Poinsettia, the traditional Christmas plant, has come a long way in the past decade. It used to stay attractive in the home for only about a week. Now, given a little bit of proper care, it may last all winter.

There has been something new in poinsettias almost every year. This year it's the Poinsettia Christmas tree, developed by the Paul Ecke Poinsettia Ranch, Encinitas, California. It grows on a single stem, reaching a height of 30 to 36 inches. Ecke says it took him five years to develop. It's only in red now, but he hopes eventually to have it in white and pink. Only a few are available for purchase this year; there will be many more of them next year.

These are his recommendations for the care and feeding of poinsettias:

The poinsettia you buy should have a lot of attractive green foliage and a bract with bright color. The little yellow flowers in the center of the bracts tell you the plant is fresh.

When you get it home, it should be watered and placed in a lighted area immediately. Some plants need watering every day, others not so often. Water thoroughly, with room temperature water, when the soil feels dry to the touch. After 15 minutes, empty the saucer of water that has drained out.

Full daylight is best for the plant, but not direct sun. Poinsettias like cooler temperatures, low 70s in the daytime and low 60s at night. Be careful of drafts and sudden temperature changes. Do not put it near the television set: The heat is very hard on the poinsettia and will shorten its life.

If you wish to grow the plant for another season, you will probably want to shape it. Cut back the original stem to about four to six inches above the soil level, removing the old flowers and most of the side branches. This is usually done in late March or early April.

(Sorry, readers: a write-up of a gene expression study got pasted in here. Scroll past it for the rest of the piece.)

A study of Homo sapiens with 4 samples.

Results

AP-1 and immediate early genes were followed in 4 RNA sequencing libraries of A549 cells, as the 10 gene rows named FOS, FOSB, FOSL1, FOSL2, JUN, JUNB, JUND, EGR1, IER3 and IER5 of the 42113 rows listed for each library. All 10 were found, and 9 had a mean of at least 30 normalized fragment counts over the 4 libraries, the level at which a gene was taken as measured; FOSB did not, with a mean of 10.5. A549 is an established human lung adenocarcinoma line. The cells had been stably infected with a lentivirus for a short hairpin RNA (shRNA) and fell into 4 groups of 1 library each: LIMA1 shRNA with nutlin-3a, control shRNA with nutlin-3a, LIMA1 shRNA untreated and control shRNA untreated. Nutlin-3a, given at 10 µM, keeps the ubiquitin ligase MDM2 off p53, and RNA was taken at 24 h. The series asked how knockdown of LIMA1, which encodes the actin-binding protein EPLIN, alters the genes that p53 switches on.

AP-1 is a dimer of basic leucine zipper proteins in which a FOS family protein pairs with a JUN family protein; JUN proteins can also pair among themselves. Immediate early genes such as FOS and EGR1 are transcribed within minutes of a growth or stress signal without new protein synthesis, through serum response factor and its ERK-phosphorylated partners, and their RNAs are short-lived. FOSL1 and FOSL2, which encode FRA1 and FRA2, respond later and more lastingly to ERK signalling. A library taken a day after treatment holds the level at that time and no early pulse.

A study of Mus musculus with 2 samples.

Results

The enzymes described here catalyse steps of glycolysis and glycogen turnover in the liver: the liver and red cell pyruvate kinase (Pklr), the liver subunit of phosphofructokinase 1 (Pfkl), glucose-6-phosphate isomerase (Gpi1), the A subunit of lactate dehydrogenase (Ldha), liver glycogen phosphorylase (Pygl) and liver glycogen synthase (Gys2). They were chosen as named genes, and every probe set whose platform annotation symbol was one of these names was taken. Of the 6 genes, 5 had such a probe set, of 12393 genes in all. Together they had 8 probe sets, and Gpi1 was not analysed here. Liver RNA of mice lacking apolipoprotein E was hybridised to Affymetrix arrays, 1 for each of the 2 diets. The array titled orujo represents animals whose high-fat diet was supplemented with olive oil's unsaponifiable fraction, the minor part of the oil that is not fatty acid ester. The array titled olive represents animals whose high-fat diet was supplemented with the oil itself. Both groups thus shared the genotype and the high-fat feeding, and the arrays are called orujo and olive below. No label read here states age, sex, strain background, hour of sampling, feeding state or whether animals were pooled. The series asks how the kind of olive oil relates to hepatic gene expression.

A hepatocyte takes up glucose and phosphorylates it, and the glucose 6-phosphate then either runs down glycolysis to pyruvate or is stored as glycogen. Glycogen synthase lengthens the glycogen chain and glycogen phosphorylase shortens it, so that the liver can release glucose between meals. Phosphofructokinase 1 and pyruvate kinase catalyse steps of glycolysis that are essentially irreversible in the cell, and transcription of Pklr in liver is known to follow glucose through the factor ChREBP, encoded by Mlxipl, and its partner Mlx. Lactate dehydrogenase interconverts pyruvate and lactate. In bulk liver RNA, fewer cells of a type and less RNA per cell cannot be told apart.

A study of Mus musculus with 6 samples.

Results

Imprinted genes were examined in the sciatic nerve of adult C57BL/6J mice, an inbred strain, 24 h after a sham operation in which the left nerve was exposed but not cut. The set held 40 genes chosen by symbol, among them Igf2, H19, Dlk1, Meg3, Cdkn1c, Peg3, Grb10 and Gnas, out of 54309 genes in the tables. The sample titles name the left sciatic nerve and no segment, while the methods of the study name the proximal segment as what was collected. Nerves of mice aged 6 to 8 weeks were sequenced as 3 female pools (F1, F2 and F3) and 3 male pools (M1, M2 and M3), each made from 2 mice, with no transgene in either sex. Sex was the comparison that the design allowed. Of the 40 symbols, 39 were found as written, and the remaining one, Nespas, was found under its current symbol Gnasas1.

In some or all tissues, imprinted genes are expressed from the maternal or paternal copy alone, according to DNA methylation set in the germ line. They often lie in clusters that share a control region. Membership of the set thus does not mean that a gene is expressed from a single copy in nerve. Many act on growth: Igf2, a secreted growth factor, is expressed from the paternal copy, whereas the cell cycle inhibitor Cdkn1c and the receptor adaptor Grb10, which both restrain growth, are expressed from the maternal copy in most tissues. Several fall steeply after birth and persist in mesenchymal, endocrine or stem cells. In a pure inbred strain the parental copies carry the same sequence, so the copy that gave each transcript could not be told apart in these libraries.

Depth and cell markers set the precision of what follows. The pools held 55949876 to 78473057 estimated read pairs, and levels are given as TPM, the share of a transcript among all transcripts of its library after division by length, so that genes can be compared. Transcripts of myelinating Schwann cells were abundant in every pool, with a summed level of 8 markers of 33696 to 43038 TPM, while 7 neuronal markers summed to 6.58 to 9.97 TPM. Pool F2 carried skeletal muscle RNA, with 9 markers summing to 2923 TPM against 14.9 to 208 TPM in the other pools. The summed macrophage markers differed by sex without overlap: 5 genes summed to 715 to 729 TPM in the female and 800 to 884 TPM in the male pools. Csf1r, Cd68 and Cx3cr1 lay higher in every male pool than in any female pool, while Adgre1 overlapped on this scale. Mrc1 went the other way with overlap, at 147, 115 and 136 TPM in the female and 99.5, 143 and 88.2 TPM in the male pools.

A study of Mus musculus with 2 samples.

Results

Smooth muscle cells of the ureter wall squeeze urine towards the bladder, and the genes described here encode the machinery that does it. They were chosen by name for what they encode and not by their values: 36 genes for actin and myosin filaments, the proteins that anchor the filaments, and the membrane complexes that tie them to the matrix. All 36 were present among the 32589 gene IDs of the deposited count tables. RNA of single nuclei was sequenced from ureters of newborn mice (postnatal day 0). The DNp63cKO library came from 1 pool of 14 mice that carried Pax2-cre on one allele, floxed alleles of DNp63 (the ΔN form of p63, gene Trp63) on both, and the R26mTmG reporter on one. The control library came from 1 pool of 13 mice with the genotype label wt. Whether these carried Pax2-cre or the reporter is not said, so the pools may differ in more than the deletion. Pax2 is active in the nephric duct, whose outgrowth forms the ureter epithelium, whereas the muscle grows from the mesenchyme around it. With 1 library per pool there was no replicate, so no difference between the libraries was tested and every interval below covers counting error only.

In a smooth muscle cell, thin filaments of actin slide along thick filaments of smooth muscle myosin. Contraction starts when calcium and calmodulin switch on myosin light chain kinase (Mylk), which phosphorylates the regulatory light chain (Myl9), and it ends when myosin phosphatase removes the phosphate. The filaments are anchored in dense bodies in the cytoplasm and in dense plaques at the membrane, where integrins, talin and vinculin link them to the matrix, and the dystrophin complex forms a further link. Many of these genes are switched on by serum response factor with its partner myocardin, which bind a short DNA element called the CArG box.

It may be best to repot the plant into a larger container. A flowerpot one or two sizes larger is suggested. Shake off loose soil from the root ball, exposing root tips. This helps stimulate new root growth. Use pre-mixed potting soil or make your own by mixing two parts good garden soil with one part peat moss and one part vermiculite, perlite or sand.

After night temperatures are above 50 degrees F., the poinsettia pot can be sunk to the rim in the ground of a well-drained, slightly shaded location outdoors.

The plant should be fertilized regularly throughout the growing season, and then reduced to about half during the flowering season. Q: My grandfather used to build potato hills to store his sweet potatoes during the winter. Sometimes they would keep and sometimes not. Is there a way to keep them from rotting? A: They need to be cured. Let them dry in the sun for three hours, then put them in baskets lined with paper and store for two or three weeks at 80 degrees to 85 degrees F. Then put them in the potato hill where the temperature should not go below 50 degrees to avoid chilling injury. Q: We have a wisteria that never blooms although its neighbor does. What fertilizer can I use to get blooms instead of foliage? A: Wisteria started as a sucker from a blooming plant may not bloom for 15 to 20 years. The same is true for the old-fashioned lilac. Too much nitrogen fertilizer also inhibits blooming.